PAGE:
NASA & DARPA will build a nuclear rocket for crewed missions to Mars

By 2027, NASA hopes to have created and tested a functional nuclear thermal rocket. The Administrator Bill Nelson said that the agency will partner with the Pentagon’s Defense Advanced Research Projects Agency (DARPA) in order to “develop and demonstrate advanced nuclear thermal propulsion, a revolutionary technology that will allow the United States to expand the possibilities for future human spaceflight missions.”

NASA will participate in DARPA’s Demonstration Rocket for Agile Cislunar Operations, or DRACO, a program that started in 2021. The goal of the initiative is to create a nuclear thermal engine for a DARPA experimental spacecraft. The nuclear reactor and engine for this nuclear rocket will be developed by DARPA, and the agency and NASA aim to test it in space as early as 2027. Nelson referred to the collaboration as an “exciting investment in the future of human space exploration” and as “a major investment in getting to Mars.”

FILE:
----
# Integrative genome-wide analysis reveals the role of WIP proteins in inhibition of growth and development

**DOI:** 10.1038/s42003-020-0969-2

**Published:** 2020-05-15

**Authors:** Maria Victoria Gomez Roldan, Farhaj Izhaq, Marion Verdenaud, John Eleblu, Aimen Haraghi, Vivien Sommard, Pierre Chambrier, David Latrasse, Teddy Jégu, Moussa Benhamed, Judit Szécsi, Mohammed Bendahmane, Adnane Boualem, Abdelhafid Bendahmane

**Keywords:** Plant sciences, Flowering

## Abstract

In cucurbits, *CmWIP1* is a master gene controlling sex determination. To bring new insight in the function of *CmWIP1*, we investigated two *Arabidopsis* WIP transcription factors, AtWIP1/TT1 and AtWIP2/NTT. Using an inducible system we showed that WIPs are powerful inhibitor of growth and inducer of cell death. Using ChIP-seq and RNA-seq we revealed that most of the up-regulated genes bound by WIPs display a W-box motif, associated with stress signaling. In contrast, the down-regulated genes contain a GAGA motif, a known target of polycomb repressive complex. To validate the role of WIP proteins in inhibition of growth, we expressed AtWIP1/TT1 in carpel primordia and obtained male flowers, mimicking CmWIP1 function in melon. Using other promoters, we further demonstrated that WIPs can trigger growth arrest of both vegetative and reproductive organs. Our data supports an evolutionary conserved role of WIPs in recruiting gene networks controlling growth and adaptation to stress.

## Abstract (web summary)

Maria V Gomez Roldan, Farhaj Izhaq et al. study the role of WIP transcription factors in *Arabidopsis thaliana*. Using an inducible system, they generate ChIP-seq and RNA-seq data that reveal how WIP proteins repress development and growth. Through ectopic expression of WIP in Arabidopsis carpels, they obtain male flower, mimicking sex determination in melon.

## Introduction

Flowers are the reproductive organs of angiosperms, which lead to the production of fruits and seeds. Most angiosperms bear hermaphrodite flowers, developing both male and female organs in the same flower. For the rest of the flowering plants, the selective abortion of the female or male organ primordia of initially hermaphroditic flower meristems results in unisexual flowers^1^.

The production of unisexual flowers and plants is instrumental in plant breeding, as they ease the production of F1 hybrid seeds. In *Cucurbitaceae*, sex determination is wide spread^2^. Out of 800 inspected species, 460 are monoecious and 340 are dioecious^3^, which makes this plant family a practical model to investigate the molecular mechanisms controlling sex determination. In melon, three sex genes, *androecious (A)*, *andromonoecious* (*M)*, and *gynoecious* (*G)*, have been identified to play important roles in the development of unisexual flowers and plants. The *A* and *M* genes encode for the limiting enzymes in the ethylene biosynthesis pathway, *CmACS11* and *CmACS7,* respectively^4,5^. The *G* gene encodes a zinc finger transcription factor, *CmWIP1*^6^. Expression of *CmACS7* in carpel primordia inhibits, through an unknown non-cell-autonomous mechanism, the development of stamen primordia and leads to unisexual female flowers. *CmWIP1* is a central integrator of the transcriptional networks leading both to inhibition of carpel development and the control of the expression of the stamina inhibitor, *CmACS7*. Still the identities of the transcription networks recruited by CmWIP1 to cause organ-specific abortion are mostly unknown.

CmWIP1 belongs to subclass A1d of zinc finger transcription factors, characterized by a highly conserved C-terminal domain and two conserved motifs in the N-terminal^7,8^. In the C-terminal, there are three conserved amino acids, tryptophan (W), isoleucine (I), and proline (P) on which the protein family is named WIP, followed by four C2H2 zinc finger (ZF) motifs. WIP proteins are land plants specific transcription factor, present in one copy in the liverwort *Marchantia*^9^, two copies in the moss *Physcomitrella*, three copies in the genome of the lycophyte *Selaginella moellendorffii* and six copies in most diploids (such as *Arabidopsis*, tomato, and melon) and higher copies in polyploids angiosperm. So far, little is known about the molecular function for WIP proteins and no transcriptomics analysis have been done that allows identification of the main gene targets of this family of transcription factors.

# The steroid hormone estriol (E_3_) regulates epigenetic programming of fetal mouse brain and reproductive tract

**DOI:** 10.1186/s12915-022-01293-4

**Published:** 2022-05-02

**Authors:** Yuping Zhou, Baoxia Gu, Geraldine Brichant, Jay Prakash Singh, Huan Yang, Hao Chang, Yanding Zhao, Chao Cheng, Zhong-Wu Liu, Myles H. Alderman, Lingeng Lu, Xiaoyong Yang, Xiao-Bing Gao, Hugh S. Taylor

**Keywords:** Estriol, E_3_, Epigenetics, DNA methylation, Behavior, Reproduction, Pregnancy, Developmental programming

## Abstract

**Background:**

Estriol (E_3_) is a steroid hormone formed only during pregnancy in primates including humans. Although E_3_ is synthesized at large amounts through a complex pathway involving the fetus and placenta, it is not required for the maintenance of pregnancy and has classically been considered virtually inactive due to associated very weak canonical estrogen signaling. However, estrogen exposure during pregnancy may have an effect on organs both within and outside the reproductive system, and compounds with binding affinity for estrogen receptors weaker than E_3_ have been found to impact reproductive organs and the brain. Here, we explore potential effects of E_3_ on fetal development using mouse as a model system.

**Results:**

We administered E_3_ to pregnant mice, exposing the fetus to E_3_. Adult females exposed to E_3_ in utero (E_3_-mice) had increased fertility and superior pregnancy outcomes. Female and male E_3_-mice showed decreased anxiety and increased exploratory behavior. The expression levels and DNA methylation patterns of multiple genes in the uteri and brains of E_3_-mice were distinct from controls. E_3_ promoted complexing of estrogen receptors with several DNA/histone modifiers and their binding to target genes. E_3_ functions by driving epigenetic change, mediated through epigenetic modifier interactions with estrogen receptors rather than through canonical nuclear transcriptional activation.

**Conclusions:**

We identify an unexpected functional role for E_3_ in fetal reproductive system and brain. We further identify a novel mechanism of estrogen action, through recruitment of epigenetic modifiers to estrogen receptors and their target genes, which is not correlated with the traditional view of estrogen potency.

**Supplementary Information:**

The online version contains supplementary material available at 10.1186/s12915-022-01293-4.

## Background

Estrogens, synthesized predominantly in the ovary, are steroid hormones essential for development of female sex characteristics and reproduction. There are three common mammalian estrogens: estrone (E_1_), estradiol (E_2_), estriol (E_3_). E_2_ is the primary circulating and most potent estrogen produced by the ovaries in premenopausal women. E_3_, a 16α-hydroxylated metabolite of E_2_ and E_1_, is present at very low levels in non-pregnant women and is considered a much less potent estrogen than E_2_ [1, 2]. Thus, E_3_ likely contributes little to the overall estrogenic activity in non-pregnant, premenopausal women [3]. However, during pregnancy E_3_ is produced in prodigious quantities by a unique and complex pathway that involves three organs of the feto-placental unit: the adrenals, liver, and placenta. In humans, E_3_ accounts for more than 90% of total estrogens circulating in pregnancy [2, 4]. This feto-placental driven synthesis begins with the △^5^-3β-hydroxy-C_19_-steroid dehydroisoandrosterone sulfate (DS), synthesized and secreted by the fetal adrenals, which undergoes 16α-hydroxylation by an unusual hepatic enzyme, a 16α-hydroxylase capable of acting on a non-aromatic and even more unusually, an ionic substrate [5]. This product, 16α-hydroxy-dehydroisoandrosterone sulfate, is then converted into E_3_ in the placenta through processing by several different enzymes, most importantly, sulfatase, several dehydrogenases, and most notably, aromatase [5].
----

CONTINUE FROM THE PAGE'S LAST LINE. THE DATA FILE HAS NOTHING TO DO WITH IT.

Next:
“DRACO will be a critical part of evaluating the technologies that will take us deeper into the solar system,” NASA Deputy Administrator Pam Melroy said during the presentation. “Our intent is to lead and develop a blueprint for human exploration and sustained presence throughout the solar system. That is a very important goal. And we think that these advanced technologies will be a critical part of it.”

An interagency agreement between NASA and DARPA was published; it outlines the roles and responsibilities of each organization and gives NASA final control over the creation and development of the nuclear thermal rocket engine. The deal does, however, give DARPA control over the “experimental NTR vehicle (X-NTRV),” the spacecraft that will be propelled by the anticipated nuclear rocket engine, and DARPA will be in charge of managing and disposing of the X-NTRV in orbit.

This idea for a nuclear rocket has existed for many years. A crewed Mars expedition was intended to be launched in 1979 using a nuclear rocket as part of NASA’s NERVA program, which stands for Nuclear Engine for Rocket Vehicle Application. Budget cuts and concerns about the Cold War getting worse led to the cancellation of the program in 1972.